Ben Lomond Manor House
Nov 20, 2005
The Carter's of Colonial VirginiaJohn Carter, immigrated to Virginia from England in 1625 aboard the "Prosperous". Living in James City, no one know why he came to the Virginia colony, perhaps to leave the political strife in Great Britain, possible to better his station in an already hard world. Within a year his neighbors were so taken with his character, they asked him to represent them at the House of Burgesses.
In 1642, after acquiring some 13,500 acres in the Northern Neck between the Rappahannock and Potomac Rivers building his family estate called "Corotoman". He became a successful planter and businessman, also serving first as an elected Burgess, and then, as a member of the Governor's Council.
Marrying in 1650, his first wife, Jane Glyn, gave him three children, George, who dies young, Elizabeth and John II. After the early death of his wife, he married Eleanor Eltonhead Brocas in 1656. It was about this time he was elected to the House of Burgesses that automatically made him the commander of the local militia. This militia was responsible for ridding the area of the last of the Rappahannock Indians that brought to its commander more accolades. Eleanor died the next year leaving no children.
His third wife, Anne Carter, daughter of Cleve Carter of England, whom he married in 1658, died within the first year of their marriage, leaving no children.
In 1660, he married Sarah Ludlow, and had two more children, Sarah, who died young, and Robert Carter. Sarah Ludlow Carter died in early 1668 and her family had inscribed on her tombstone, "May her descendants make their mother's virtues and graces the pattern of their lives and actions". Little did anyone realize to what great heights her son Robert would achieve.
John Carter took a fifth wife marrying Elizabeth Shirley in late 1668. A son, Charles, was born in 1669. That same year John died. As a young man, Charles moved to England to live and died there sometime after 1690. John Carter the émigré, achieved prominence, wealth, political power, material goods and social prestige that he had earned for himself, but his sons and grandsons were to carve out an empire, such as he had never envisioned.
Upon his death, John's main estate, holdings and slaves went to his oldest son, John II, with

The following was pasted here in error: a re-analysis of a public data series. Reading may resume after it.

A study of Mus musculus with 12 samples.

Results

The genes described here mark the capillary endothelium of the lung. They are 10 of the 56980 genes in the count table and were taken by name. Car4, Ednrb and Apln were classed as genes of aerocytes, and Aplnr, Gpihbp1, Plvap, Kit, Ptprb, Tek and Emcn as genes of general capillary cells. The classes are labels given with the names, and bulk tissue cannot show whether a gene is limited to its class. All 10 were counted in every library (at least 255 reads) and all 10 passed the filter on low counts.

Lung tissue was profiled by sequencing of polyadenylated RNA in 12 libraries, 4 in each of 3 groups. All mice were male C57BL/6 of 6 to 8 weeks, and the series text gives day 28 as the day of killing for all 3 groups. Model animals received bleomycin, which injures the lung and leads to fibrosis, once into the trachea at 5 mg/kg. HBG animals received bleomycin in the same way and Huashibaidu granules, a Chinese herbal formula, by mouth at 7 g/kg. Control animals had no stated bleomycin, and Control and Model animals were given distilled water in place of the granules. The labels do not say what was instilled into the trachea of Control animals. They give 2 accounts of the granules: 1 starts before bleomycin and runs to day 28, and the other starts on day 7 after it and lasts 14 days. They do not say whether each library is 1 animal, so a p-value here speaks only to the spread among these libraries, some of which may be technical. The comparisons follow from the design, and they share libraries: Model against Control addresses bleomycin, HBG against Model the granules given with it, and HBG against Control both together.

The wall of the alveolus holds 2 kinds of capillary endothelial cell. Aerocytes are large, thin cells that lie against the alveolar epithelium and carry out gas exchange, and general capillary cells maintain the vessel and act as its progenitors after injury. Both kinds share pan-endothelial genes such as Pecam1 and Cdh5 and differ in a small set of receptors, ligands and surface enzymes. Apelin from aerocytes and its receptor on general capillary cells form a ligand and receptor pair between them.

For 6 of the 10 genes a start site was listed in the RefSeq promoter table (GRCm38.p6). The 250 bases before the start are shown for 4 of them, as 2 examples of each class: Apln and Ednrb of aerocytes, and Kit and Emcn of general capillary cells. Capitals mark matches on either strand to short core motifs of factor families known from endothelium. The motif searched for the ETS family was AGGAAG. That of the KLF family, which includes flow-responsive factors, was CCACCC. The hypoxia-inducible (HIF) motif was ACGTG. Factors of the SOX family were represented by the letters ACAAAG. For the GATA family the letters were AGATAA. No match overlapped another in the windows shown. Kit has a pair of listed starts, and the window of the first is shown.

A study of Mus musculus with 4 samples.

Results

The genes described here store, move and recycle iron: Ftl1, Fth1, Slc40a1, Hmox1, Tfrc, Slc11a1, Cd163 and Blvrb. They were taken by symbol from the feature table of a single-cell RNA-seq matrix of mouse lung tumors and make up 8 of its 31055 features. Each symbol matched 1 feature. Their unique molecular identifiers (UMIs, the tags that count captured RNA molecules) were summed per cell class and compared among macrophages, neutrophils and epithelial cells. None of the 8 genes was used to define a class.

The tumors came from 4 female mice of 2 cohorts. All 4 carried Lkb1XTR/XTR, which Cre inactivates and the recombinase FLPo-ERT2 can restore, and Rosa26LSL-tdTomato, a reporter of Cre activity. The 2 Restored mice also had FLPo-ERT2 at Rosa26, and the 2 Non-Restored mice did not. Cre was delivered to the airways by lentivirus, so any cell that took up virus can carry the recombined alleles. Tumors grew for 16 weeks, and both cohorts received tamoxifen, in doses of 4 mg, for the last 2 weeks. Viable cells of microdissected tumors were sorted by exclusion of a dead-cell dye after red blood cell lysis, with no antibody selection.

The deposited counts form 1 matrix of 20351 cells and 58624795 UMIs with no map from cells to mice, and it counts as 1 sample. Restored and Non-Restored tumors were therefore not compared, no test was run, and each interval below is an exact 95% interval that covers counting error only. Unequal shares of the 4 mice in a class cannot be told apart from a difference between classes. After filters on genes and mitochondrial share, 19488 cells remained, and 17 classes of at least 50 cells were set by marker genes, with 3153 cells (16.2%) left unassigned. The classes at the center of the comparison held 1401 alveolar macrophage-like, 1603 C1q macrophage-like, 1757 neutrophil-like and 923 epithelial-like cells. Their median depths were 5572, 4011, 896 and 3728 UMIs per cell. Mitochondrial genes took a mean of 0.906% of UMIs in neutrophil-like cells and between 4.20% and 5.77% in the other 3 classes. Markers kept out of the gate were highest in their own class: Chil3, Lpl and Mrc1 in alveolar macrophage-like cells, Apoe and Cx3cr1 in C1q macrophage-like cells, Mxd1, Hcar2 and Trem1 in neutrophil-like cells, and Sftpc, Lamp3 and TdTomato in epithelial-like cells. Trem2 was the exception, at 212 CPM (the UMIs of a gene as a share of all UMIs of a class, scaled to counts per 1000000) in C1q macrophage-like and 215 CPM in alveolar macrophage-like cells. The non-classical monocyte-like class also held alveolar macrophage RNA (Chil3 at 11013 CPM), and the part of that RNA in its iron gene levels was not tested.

6,000 English pound's going to his wife, Elizabeth. Robert Carter was seven years old when his father died. Upon gaining his majority, being a second son, his prospects were not exceptionally bright. He had inherited 1,000 acres near the Corotoman River and one third of his father's personal estate valued at 1,000 English pounds consisting of a library of Latin books, a few slaves, and some other personal items.
Then by a sudden turn of events, his older half brother, John II, who ad married twice and had one daughter, Elizabeth (1675-1693), died at age 43, leaving Robert the sole adult male representing the family and inheriting the family estate.
Two years later in 1688, now at age 25, Robert married Judith Armistead, who gave him five children. John III (1689), Elizabeth (1692), Judith (1693), who died in infancy, Sarah (1694), who died at eight years of age, and another Judith (1695), named after the first daughter who died. Judith Armistead Carter passed after eleven years of marriage.
In 1697, Robert married his second wife, Elizabeth Landon Willis, the 16 year old widow of Richard Wilis and they had ten children. Anne (1702), Robert II (1704), Sarah (1705) dying as a young child, Betty (1706) who also died as a young child, Charles (1707), Ludlow (1709) who died young, Landon (1710), Mary (1712), Lucy (1714) and George (1716).
Robert Carter, being born into the Tidewater gentry of the young colony, eclipsed his father's accomplishments. Becoming a member, and later, speaker of the House of Burgesses, a member of the Governor's Council, a vestryman in Christ Church, a Justice of the Peace, and acting governor of the colony from 1726-1727 until William Gooch arrived. He was also a rector of the College of William and Mary, seeing that institution through the most trying of times. Because he so eclipsed his father, he has been regarded by historians as the founder of this Virginia family and was nicknamed "King". He ultimately became the richest and perhaps the most powerful man of his day.
Realizing the need that future generations would have for fresh lands, he obtained for his heirs some 333,000 acres.
Robert "King" Carter had arranged that the bulk of his lands would go to his eldest son, John Carter III (1689-1742) who married in 1725 Elizabeth Hill of Shirley Plantation.. He also saw to it that his other sons, Robert II, Charles, Landon and George would have ample estates. Robert "King" Carter died at the age of 69 in 1732 leaving an estate of 333,000 acres, more than 1,000 slaves and 10,000 English pound, a tremendous fortune in those days.
Robert Carter II (1704-1732) died unexpectedly at age 28, only months after his father, leaving his wife of seven years, Priscilla Churchill (1705-1757), a daughter Elizabeth born in 1725, and a son, four year old Robert III, born in 1728.
Priscilla Carter later married Colonel John Lewis from a family as ancestral and honorable as the Carters. Colonel Lewis was a widower with five children and when Elizabeth moved to his home, "Warner Hall" in Gouchester, her two children joined an already active household.